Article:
To be called "the biggest disasters of all time" really takes some doing. But when JPMorgan chief executive Jamie Dimon thus described US government-sponsored mortgage companies Fannie Mae and Freddie Mac in his testimony to the Financial Crisis Inquiry Commission last October he was not accused of exaggeration.
|total Federal funding for Fannie and Freddie to date|
Freddie Mac is under investigation by the SEC (for a second time) over its disclosures to investors, the firms chief financial officer committed suicide in 2009 and its chief operating officer resigned last month. "[The GSE crisis] was an accident waiting to happen," Dimon said last October. "We all knew about it, we all worried about it, no one did anything about it."
"Doing something" about Fannie and Freddie is now a priority, and the Obama administration finally came out with its delayed recommendations for GSE and housing finance on February 11.
Projecting that they could need further federal assistance to the tune of another $73 billion until 2021, the Administration perhaps not surprisingly explicitly advocates that both Fannie Mae and Freddie Mac be wound down. Its plans laid out the three options that housing reform could take: very limited government support for the mortgage markets, government support in times of housing distress or government reinsurance for mortgage-backed securities as a backstop for private mortgage guarantors taking first-loss exposure.
"The menu of options in the report clearly indicates the administration is not interested in expending political capital on the issue," says Evan Thomas from political advisory firm Capstone LLC in Washington. "Moreover, it is not the style of the administration to offer a comprehensive plan to Congress, leaving details open to attack the salient example being Health Care Reform. All signs point to the White House approaching this exercise as a legal requirement, punting the first pass at structural reform of GSEs and the mortgage market to congressional Republicans."
The first option of minimal government involvement would have the obvious downside of increasing the cost of mortgage lending.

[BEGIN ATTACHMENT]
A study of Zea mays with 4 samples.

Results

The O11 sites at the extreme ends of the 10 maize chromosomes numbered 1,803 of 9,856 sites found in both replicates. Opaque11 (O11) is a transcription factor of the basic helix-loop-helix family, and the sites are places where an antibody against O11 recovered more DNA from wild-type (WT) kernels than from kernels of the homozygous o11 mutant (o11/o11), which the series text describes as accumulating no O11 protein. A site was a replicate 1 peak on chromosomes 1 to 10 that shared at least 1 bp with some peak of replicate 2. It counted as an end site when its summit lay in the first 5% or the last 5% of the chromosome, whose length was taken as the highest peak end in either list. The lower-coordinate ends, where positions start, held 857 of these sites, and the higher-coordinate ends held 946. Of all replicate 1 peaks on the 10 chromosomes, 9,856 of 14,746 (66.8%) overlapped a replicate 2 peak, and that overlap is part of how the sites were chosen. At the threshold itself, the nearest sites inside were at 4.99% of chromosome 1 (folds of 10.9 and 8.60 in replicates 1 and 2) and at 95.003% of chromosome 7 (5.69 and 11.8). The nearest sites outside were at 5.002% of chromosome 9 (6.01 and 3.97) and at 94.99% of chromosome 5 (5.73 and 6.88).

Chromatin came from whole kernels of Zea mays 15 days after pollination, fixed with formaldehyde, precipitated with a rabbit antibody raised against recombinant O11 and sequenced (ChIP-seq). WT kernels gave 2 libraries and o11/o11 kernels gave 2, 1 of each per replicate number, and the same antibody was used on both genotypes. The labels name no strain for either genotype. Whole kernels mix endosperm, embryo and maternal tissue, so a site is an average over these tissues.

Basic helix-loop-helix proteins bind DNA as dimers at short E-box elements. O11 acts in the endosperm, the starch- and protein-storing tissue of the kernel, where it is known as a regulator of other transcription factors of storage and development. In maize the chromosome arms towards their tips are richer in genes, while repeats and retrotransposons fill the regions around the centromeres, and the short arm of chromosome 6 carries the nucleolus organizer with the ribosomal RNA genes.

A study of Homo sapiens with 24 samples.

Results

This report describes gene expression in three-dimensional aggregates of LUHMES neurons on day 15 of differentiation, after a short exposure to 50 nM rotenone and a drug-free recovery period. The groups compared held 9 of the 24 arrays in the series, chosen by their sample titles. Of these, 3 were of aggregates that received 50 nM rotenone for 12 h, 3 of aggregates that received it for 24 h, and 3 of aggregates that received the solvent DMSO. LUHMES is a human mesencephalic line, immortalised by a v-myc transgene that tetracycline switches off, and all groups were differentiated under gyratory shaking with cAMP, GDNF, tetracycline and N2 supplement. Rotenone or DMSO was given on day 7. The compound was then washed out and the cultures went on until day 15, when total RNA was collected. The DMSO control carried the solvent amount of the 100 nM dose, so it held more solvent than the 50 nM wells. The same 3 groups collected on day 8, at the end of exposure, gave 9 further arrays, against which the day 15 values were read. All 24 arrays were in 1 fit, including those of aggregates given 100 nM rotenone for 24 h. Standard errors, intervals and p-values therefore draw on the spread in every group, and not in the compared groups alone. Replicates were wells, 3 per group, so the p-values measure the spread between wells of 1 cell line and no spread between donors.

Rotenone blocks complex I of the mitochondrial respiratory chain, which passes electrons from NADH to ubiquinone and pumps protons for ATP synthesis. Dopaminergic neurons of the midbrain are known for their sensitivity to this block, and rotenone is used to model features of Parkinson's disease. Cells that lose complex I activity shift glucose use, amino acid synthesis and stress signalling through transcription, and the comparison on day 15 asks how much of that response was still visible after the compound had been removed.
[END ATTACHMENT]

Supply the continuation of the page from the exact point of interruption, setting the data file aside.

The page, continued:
"Wherever there is a government back-stop and the private sector is entrenched, there is the risk that it will be heads the private sector wins and tails the government loses"
James Frischling, NewOak Capital
The GSEs involvement would be reduced by raising the price of guarantees, larger downpayments and tightened qualification requirements. Analysts at CreditSights point out that this will put additional negative pressure on national housing prices.
"We cannot rule out that another leg down in prices could lead more borrowers to stop paying on their home equity loans, and force banks to take greater losses," they say.
The reforms will also target the FHA (Federal Housing Administration) assistance for low-income borrowers (which was historically around 10% to 15% of the mortgage market but is now 30%) by increasing the price of FHA mortgage insurance.
Unravelling the mess that Fannie and Freddie have become will be a long and painful process, and many believe it will be years before concrete change emerges. But the Administration is keen to emphasise the urgency of the situation.
"It is important to recognize if we do nothing, we dont legislate, if Congress does not legislate, then we are left with an authority under, lets call it HERA, that in many ways would recreate Fannie and Freddie," said Treasury Secretary Tim Geithner in testimony to the House committee on Financial Services. "This is something that Congress wants to do within the next two years," he said. "You dont want to wait three to five years to do that."
CreditSights reckons that option three will be the administrations preference as it is essentially a compromise between the private and public sectors, with mortgage securitizers buying 25% of the insurance on new issues from the private sector and 75% from a new government entity. But it leaves the government open to accusations that it is just recreating the GSEs in a new guise. Geithner firmly rejected the suggestion.
"Any proposal that is designed to keep them [the GSEs] in existence for the long term we will resist. Any proposal that carries the risk of increasing the ultimate losses to the taxpayer we will resist," he said.
But it seems inevitable that any reform will involve some degree of public support for the mortgage industry in order to prevent a sharp cost hike to borrowers.